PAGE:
10 more things I learned from Age of Invisible Machines
1. What is a CIAM?
"customer information access management (CIAM) (is used) to remove liability. This technological intermediary houses any data you “ship” to a company. In truth, you never actually send your information directly to a business; instead, it zips off to a CIAM service that collects and secures it. If a company needs to any of your personal details, they request it through CIAM."
2. The author lives in the future/fantasy
Maybe in his part of the world things move as fast as he says they are. Also, I have no doubt that AI will increase an alarming rate. However, when he talks about artificial intelligence replacing APIs, I really have to say, not anytime soon. I work with API's for a day job and They're not easy to understand. There is no perfect data for an AI to pick up and use. Maybe something widely used like a Twitter API could potentially be replaced but APIs connecting small businesses will be less likely to be replaced. After all, the pharmacy industry in the United States, still uses fax technology to communicate prescriptions between all the various constituents. The place that I was working at six years ago had to maintain functioning fax lines. This is a technology that most people would've considered dead 25 years ago but it is still in active use today. The presence of human beings in existing industries will make the complete AI take over more difficult than some would imagine.
"The same way that conversational interfaces will replace GUIs for end users, they will also replace APIs as an interface between machines." - maybe some machines, and some new applications.
3. Latimer's terrarium
I did not know that this thing existed. Apparently Mr. Latimer put seeds in a bottle and completely sealed it. The seeds are able to grow without the addition of any water. Simply the sun and the plants maintain the ecosystem inside the sealed glass jar. Pretty neat!
4. Intelligent digital worker (IDW): Think of an IDW as a peer to a human.
"For an IDW, primary skills can look like this: Being able to operate over specific communication channels, such as Slack, phone, Google Home, and SMS; Understanding natural language; Including a human-in-the-loop when help is needed."
so these are kind of like Robotic Process Automations, with the addition of skills.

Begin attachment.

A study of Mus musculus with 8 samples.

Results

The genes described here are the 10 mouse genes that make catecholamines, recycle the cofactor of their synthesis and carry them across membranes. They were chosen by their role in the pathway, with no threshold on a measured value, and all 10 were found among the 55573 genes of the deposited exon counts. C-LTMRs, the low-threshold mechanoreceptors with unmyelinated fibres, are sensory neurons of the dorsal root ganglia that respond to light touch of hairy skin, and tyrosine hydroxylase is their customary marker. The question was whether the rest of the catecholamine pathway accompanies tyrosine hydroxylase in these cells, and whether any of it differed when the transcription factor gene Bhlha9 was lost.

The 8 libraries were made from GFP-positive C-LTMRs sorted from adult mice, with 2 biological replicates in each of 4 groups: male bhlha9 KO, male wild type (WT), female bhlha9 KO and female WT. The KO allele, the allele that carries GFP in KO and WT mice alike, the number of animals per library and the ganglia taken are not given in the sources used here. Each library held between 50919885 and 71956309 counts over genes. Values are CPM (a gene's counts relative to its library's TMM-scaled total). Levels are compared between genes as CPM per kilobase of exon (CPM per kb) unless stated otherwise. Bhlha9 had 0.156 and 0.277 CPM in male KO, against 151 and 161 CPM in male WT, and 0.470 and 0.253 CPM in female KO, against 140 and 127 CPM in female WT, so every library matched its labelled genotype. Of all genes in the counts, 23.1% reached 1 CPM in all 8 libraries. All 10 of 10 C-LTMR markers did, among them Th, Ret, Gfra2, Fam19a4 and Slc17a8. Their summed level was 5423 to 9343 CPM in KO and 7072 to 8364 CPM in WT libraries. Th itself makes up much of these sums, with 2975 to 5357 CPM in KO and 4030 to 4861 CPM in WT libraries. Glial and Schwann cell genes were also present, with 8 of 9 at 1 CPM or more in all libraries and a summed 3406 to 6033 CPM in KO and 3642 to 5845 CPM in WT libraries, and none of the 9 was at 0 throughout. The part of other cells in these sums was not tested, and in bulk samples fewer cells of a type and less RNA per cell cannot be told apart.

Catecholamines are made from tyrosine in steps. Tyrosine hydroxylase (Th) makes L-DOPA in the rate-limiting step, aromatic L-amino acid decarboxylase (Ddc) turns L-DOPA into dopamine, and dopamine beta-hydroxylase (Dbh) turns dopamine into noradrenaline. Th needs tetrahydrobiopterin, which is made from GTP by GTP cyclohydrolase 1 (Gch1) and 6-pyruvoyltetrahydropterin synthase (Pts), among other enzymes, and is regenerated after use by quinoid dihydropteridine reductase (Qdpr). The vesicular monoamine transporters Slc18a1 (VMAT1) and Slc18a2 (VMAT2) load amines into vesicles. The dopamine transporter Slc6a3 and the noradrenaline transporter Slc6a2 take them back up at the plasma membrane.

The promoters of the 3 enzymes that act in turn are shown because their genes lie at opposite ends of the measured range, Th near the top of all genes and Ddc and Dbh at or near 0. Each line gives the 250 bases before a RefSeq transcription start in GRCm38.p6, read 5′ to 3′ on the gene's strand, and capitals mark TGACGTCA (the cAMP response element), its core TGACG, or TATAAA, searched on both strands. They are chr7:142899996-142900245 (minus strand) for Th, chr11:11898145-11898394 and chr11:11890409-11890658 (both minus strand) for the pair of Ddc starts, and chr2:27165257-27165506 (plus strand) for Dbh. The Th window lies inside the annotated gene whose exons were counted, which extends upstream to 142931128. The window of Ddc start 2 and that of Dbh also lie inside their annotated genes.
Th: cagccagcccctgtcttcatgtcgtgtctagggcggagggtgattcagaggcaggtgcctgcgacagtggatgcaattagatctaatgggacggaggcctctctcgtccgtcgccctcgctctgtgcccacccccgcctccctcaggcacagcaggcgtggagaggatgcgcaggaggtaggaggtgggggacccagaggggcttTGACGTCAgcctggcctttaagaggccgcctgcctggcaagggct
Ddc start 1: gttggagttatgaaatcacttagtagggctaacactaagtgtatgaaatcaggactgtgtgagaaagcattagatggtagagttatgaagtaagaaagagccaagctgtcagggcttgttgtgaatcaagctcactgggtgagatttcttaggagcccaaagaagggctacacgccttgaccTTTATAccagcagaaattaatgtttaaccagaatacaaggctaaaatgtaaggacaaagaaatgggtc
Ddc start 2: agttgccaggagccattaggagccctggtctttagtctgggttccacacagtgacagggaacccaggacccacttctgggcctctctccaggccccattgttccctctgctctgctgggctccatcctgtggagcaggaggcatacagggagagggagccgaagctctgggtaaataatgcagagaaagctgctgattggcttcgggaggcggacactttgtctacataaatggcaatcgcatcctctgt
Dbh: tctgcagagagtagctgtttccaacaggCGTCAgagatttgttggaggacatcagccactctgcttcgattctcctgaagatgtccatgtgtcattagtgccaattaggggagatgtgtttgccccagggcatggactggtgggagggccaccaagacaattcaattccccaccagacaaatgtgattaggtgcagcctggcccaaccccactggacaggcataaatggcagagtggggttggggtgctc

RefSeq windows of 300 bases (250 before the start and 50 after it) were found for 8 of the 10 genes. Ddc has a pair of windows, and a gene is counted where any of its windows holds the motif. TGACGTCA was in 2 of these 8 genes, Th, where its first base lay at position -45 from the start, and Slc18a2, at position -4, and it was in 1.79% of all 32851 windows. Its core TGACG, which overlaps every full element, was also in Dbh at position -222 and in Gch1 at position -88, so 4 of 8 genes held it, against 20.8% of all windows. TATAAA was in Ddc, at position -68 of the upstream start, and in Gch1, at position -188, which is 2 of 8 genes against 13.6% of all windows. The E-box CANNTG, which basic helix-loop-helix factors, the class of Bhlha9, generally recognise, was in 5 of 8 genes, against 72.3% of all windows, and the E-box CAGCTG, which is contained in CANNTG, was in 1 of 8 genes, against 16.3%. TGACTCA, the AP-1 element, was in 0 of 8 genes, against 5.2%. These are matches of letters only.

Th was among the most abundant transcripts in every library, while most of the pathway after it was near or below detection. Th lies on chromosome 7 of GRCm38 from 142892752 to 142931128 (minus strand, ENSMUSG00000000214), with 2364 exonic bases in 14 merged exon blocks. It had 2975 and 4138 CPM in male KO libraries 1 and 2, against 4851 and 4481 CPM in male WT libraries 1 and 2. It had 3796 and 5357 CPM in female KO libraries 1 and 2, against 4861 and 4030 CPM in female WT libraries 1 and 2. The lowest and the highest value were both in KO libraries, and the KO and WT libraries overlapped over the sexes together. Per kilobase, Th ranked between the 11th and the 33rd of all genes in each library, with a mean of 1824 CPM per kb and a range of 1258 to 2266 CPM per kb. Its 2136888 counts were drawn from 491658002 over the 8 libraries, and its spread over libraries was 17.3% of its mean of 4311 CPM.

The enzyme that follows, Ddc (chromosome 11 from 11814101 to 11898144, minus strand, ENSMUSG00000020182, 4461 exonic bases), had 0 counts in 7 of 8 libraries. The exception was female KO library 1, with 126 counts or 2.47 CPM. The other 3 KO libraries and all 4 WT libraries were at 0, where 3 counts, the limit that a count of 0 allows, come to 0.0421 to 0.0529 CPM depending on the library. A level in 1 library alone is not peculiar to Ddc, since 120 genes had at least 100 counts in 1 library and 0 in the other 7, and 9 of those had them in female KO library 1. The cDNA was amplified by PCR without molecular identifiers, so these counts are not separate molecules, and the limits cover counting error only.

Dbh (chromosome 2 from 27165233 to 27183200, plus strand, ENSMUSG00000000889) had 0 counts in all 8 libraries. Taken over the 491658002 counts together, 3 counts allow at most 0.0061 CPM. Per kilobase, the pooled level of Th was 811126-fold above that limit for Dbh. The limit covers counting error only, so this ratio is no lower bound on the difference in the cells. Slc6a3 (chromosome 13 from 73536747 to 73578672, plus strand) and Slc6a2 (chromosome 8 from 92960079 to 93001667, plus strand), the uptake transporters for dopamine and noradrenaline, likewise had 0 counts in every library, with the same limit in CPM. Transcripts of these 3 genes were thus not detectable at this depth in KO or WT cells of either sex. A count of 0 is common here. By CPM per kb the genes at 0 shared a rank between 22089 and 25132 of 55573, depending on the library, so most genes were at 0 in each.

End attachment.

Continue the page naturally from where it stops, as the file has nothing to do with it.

5. Hyperautomating an organization
This is the author's term. Humans should always be able to make final decisions and there should also be "human in the loop" processes. Hyperautomation is about creating an ecosystem of tasks and skills that can be shared and combined to achieve business goals. For example the ability to charge a credit card is a skill that can be part of many tasks: checking out, refunds, etc.
6. You can re-do haphazard processes as idealized processes
"Nine times out of 10 it will be more valuable to your company if you create automation that reflects the ideal way of getting things done, rather than how they're currently being done."
7. Hyperautomation is not the individual tools, it is the ecosystem
Environment at the company white buying to start this process. They dividual tools like chat bots an API skinny pieces of this puzzle. Expect a lot of early failures, but as long as your ecosystem exists, it will be easier to adapt. If you perceive of your efforts ecosystem and a small part of the ecosystem fails it's not a big deal. If you think about launching a chat bot isolated effort, and it fails, you might give up on the concept too early because you were focused on the tools instead of the ecosystem.
8. The “tipping point of explore/exploit”
Basically, there's a sweet spot between exploring your options and exploiting them: acting on the information that you have. This is a good thing to keep in mind for everything, shipping products, or making lists.
9. Design patterns in user experience
The author lists about 15. These are useful concepts to help plug AI into your workflows. He gives the example of a "contextualize" pattern where a gps puts locations of nearby gas stations (data) onto a map (context). It would be helpful to have a list of these patterns to refer to and agree on when working on Hyperautomation.
10. LATCH acronym for information organization
"According to Robert Saul Wurman, the creator of LATCH (and founder of TED), “I believe, and it has been accepted, that there are only five ways of organizing information. I use the acronym LATCH: Location, alphabet, time, category, and hierarchy.”
11. speech synthesis markup language is a thing
12. The author must have very highly developed elbow muscles from patting himself on the back.
He lives in his own creation and has seemed to have some success (maybe a lot?) But he vastly overstates the importance of what he is working on. Still, an interesting read and he is probably correct in the long term: the economy 200 years from now will look a lot different.